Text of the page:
The Opposite of Ideal
Dissatisfied and Deflated at 29
Recently, I celebrated (lamented?) my 29th year. While I certainly feel fortunate to be alive, this birthday brought with it some negative feelings, to even worse than my last few birthdays since the onset of my quarter-life crisis. Each time I grow older it feels like a countdown as I get closer to 30, The age which I have arbitrarily designated the age of true maturation. The pseudo-adulthood of my 20s that I’ve been able to skate by on (though less gracefully than I would have liked) feels like it’s coming to an end. I am looming over the precipice and I find the transition daunting as my deadline, self-imposed but culturally enforced, approaches. While many people my age may start to fret over marriage or children, it isn’t my biological clock ticking away, but instead my Clock of Accomplishments. And it’s ticking so loudly that it is deafening. As I take stock of my life, only one year away from 30, two thoughts repeat themselves over and over like a bad song stuck in my head: I am a failure, and I have just under a year to get my shit together.
To claim that this age snuck up on me would be false. While it is true that time feels like it’s passed by too quickly, the fact that I will soon be 30 has been on my mind almost every day for the last few years. My hold on my youth and excuses — already tenuous at best — is slipping from my grasp. I realize that I sound dramatic, but that’s because this feels like A Big Deal. Yuge. Age 30, personally, feels like the age where I should have it all figured out. When I turned 29, then, I reasoned that I should at least be getting close to that point. Except… I’m not. And so, since I have a little less than a year before that day comes, I’m scrambling frantically, trying to figure out what I can do to suck less. I am responding largely to internal motivation, but I can’t ignore the external factors either. It would be nice not to avoid attending social events because I’m too embarrassed to answer questions about myself.
I compare myself to others in my age demographic constantly, and not just while scrolling through their social media profiles, which I know are often carefully curated. I look at them and wonder why I have not done more, seen more and lived more. I cannot yet bring myself to look at the Forbes 30 Under 30 list this year as I usually do because I remember how depressed I became after the last time I read it. Perhaps I should have felt inspired and motivated but instead I found myself experiencing feelings of despondency, inadequacy, contrition, and self-loathing. The contrast between me and my peers brings to mind everything I lack, and how much of that lack is my own fault (hint: a lot of it). The older I get, the more this is true. I chastise myself, berate myself for my poor decisions and lapsed opportunities. In all of this self-flagellation, what I feel most of all is a profound shame, shame of all that I am not. As I inch toward — well, hurtle toward might be a more accurate description — I’ve started tallying all of the things that I haven’t accomplished; things I would have liked to have done before turning 30. To name a few, I wanted to be a homeowner, to publish a book, to apply for a Fulbright, to be more well-traveled. At the very least, I wanted to be established in my career and to have made a significant dent in the king’s ransom that is my student loan debt, the result of a master’s degree that I’m not even using.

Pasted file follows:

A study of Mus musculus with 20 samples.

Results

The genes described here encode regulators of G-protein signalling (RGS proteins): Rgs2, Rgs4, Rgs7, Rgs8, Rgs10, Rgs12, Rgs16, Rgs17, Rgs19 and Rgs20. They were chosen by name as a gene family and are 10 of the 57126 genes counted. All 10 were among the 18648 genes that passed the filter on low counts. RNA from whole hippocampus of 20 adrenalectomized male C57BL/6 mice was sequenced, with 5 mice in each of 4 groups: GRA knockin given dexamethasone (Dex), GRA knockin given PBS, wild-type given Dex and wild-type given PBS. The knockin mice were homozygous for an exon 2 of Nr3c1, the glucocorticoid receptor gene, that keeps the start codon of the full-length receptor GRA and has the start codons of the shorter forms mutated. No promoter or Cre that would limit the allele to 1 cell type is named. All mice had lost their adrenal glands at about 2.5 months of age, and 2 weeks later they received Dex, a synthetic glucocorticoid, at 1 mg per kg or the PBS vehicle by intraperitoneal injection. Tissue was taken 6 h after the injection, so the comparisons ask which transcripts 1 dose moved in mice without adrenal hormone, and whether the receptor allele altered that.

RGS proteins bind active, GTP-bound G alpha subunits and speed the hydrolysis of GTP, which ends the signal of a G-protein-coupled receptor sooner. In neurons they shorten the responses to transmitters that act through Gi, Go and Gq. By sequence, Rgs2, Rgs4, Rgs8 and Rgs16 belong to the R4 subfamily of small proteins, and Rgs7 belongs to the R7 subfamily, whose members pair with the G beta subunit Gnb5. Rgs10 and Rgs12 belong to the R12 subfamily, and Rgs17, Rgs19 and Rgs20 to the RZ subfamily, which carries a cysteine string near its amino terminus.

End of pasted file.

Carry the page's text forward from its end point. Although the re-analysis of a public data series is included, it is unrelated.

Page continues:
I don’t think I’m alone here; I’ve heard a few other millennials mention similar feelings of regret, dissatisfaction, or uncertainty. While most of us probably realize that we are not old by any post-medieval stretch of the imagination, many of us are no longer blissfully ignorant of our own mortality. It doesn’t feel like it did before, where almost anything was possible. We sense more acutely than ever the pressure to have everything in order. We cling tightly to clichés like “life’s too short” and “the time is now.” Aging, something that we used to look forward to in our youth, becomes a source of considerable anxiety or even dread. Those milestones now feel like millstones.
Assuming I reach the average life expectancy, I’ve even calculated how much time I have left on earth down to the hour (I’m mostly sane, I swear) and then from that I subtracted the estimated time I will spend sleeping and therefore can’t be productive.
Needless to say, I’ve been freaking out.
While I’ve calmed down quite a bit since this arithmetic-fueled crisis, I’m still not ready to embrace this whole thing with open arms. I’m optimistic though that with time, these feelings may be tempered. I will reach The Age That Must Not Be Named and the world will not end. I will go on, I will better myself in the ways that I can, and I will find peace about the ways that I can’t. I hope that I can do better at not lending these thoughts, unproductive as they are, any more legitimacy. In the meantime, I am trying now to find comfort in the few good things that I have gotten done, and to remind myself of people who got a late start in life but nevertheless succeeded at making their marks on the world, big and small. I would urge anyone reading this to do the same. We’re not as bad as we think we are, and we’re just getting started.